The question in this post’s title is a more pointed version of one asked last Thursday by MSNBC’s Chris Matthews, who phrased it this way:
Is there going to be a reluctance on the part of the voters and the political community that talks politics as we get into November about dumping the first African-American president?
Matthews went on to rephrase the question himself, asking, “Is there going to be something that just wretches [sic] people? ‘Wait a minute here, this guy is going to knock out the first guy who got aboard?’”
My first impulse on reading this question was to dismiss it as the fretting of an unserious liberal who finds the thought of an Obama loss in November so repugnant that he can’t bring himself to express his feelings in a declarative sentence: “I, Chris Matthews, will be disgusted if the nation dumps its first African-American president.”
But then I got to thinking about the full implications of losing an election. Being voted out of office is, at its white hot core, a kind of “super firing.” The boss has not merely told you to clean out your desk but to get out of Dodge. In the case of the presidency, the ignominy is magnified many times over. Instead of quietly slinking away, you need to get up in front of the cameras minutes after your termination, the wound still fresh, and put on a brave face. You need to tell all 300 million of your employers that you are still loyal to the company and will do everything in your power to support your replacement.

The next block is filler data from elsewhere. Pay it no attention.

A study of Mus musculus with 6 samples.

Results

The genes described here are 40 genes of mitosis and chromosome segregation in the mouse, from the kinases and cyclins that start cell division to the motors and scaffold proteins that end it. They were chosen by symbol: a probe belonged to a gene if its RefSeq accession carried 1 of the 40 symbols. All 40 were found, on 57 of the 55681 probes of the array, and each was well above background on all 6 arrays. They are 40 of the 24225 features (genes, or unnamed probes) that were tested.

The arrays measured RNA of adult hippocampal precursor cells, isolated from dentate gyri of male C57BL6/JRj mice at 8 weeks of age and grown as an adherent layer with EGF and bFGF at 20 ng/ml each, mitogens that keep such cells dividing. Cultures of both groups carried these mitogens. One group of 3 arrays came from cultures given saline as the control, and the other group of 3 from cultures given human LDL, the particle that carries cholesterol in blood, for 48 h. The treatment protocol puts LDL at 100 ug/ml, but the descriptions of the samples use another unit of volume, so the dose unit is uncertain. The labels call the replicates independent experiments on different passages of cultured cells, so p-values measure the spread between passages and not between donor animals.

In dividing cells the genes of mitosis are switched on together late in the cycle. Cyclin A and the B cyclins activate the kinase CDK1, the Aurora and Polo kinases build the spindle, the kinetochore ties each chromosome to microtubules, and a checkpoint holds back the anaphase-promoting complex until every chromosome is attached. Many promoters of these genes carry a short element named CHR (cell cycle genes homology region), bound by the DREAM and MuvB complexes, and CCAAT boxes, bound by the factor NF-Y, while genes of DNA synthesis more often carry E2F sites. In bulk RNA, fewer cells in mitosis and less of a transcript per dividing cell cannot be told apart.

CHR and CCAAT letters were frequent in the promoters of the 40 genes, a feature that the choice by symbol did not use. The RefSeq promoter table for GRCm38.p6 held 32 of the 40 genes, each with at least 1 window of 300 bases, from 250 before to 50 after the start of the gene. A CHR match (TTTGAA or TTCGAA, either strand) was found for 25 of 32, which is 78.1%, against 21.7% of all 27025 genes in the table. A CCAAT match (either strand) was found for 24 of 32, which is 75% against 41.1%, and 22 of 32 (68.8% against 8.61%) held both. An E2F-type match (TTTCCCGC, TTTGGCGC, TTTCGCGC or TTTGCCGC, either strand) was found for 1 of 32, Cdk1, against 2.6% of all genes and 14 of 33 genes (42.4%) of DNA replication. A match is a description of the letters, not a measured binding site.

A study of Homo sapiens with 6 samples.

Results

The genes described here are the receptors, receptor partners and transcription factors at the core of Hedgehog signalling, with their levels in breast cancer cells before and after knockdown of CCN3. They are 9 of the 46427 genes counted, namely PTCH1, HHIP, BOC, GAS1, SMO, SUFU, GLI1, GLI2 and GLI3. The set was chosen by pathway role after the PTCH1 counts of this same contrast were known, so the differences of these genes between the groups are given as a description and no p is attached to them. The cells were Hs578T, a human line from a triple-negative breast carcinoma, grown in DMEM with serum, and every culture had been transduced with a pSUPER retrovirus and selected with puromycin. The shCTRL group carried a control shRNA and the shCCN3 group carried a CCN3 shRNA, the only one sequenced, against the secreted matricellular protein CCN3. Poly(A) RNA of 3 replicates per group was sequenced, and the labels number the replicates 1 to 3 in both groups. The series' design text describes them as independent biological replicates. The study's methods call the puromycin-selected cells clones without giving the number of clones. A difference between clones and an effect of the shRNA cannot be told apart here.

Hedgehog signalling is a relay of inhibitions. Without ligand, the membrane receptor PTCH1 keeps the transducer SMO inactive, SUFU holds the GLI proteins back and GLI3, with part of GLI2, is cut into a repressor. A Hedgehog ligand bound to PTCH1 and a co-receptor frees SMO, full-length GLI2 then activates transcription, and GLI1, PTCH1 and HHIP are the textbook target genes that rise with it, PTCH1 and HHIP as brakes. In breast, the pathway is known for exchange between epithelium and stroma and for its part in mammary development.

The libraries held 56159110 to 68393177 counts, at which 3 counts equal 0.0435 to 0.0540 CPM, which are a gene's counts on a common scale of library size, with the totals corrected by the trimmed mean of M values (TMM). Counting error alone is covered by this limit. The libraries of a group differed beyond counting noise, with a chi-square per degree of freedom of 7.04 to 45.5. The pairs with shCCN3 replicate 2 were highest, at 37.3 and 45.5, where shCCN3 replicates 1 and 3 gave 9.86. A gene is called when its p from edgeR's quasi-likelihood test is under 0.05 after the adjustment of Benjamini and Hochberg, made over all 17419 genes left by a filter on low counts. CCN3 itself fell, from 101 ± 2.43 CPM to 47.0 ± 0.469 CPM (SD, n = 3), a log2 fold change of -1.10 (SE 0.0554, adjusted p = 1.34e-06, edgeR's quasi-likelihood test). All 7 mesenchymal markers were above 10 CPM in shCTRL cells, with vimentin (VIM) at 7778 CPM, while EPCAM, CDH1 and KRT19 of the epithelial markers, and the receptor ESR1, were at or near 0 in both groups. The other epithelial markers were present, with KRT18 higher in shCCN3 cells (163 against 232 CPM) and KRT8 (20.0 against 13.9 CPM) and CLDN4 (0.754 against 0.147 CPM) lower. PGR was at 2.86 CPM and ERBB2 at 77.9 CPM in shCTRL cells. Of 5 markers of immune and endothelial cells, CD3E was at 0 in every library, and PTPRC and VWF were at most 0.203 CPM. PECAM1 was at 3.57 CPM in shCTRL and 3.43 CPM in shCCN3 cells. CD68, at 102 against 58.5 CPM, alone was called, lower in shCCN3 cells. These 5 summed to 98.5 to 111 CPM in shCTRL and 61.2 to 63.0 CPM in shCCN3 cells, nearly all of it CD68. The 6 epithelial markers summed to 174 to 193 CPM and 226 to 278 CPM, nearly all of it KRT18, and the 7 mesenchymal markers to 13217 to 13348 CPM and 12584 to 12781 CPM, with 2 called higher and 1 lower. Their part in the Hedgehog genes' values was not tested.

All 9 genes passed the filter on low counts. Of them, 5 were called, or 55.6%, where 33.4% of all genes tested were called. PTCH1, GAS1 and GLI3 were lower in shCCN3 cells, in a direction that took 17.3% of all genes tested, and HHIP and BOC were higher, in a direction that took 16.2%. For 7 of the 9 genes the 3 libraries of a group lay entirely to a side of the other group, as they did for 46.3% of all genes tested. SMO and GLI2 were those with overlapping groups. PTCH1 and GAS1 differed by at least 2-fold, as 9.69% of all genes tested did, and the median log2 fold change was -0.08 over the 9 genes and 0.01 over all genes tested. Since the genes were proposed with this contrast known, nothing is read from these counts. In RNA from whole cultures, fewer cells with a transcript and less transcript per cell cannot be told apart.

Of course, if Obama were unelected, he would not be the first person to go through this ego-deflating ritual (albeit perhaps the first with an ego this size). But he would, as Matthews points out, be the first black person. Which brings us to the question underlying Matthews’s gnashing of teeth: Would Obama’s unseating be a repudiation of some advance in the cause of civil rights?
The answer to that question depends on whether his hiring in 2008 was nothing more than an advance in the cause of civil rights. Matthews sees Obama’s ascendancy to the Oval Office through the same narrow lens through which history judges the brave but defiant actions of a Rosa Parks. He is ignoring entirely the fact that Obama was hired by the nation to do a job and that on the day of the show’s broadcast only 47.6% of the president’s employers approved of the job he was doing.
If the nation chooses to hand Obama his walking papers on Nov. 6, it won’t be because he is black any more than his hiring in 2008 should have been because of that fact.